13 November 2019
Innovate UK has awarded a major contract for the development of a new Freight Traffic Control (FTC) platform to help manage construction freight movements and deliveries in congested urban areas.
The £485,000 contract was awarded to North East-based Grid Smarter Cities which will work with partners Croydon Council and EB Charging to develop and pilot an ‘alpha’ product in a live construction development in Croydon borough from March 2020.
The project will explore the potential of vehicle telematics, 3D mapping and Electric Vehicles on the future of construction logistic operations.
The end goal will be to develop a solution, building on Grid Smarter Cities’ award-winning ‘Kerb’ system, that will improve ease of movement for commercial operators when heading into and around the construction site, whilst reducing congestion and the environmental impact of HGVs.
Neil Herron, CEO and Founder of Grid Smarter Cities, said, “The Kerb FTC Project represents a great opportunity to showcase how practical innovation can deliver real impacts and we are excited to be working with the Croydon Council who are a trailblazing local authority intent on leading the way.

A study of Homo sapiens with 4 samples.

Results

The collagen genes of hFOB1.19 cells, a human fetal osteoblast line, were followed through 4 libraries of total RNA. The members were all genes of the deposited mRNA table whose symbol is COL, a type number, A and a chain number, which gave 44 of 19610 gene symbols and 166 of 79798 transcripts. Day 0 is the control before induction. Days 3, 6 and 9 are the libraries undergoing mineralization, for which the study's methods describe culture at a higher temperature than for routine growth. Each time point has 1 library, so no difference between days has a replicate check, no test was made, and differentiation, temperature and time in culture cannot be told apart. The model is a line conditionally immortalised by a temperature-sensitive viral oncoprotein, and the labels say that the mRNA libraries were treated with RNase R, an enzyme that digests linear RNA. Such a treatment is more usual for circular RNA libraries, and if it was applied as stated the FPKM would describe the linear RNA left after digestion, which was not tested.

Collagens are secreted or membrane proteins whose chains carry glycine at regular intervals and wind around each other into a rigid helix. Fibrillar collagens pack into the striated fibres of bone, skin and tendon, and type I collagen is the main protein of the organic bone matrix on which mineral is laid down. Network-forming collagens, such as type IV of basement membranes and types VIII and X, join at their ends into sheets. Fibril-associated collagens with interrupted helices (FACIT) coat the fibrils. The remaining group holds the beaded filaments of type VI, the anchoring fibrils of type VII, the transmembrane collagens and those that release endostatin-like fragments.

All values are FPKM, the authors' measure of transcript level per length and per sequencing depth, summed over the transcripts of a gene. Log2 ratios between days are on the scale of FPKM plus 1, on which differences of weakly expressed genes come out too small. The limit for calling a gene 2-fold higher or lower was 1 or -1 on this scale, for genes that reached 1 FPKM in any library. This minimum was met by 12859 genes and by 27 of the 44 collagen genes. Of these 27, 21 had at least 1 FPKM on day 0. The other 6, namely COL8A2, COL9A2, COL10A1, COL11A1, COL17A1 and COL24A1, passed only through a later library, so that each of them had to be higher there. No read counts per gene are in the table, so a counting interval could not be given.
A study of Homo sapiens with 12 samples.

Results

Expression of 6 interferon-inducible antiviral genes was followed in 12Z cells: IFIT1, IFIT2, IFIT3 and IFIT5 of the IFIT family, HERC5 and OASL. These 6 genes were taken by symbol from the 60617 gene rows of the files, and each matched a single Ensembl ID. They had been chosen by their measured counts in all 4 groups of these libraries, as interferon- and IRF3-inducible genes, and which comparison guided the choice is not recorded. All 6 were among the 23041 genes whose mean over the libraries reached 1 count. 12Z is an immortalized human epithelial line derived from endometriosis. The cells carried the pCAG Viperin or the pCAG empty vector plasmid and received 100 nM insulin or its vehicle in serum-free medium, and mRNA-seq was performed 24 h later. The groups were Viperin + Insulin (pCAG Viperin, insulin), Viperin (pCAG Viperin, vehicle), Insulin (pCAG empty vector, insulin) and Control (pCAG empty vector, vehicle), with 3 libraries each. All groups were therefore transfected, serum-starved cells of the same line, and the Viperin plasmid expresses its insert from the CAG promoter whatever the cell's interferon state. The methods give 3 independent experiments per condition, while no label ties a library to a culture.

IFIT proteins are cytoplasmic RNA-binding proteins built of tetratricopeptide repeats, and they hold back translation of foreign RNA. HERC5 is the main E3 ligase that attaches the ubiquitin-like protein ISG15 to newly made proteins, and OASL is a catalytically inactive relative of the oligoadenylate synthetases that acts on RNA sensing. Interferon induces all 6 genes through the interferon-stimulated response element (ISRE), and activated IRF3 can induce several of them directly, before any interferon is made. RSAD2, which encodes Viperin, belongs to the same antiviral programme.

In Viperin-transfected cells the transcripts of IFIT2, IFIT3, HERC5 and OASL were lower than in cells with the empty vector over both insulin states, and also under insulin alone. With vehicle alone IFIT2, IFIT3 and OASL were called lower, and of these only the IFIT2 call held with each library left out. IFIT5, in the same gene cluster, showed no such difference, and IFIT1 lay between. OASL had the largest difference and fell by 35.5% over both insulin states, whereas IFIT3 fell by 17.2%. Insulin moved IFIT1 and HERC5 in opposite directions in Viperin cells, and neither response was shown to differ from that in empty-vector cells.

“Improving air quality is a key issue for society to address, and we are intent on being able to deliver technology that offers simple, easy to adopt process improvements to assist in construction freight logistics and the wider transport sectors.”
Councillor Stuart King, cabinet lead for environment and transport at Croydon Council, said, “This is an innovative project that will help us to monitor, manage and regulate HGV journeys across Croydon. This will help us try and make sure deliveries arrive not only in a timely manner but even more importantly that the journeys are as safe and green as possible.”
Karla Jakeman, Innovation Lead for Connected Transport & Communications at Innovate UK, added, “This project is a great example of how an SME can work with local authorities to solve real life issues around freight. This can provide a blueprint which can transferred to other local authorities around the UK. The potential spinoffs from this project are particularly exciting.”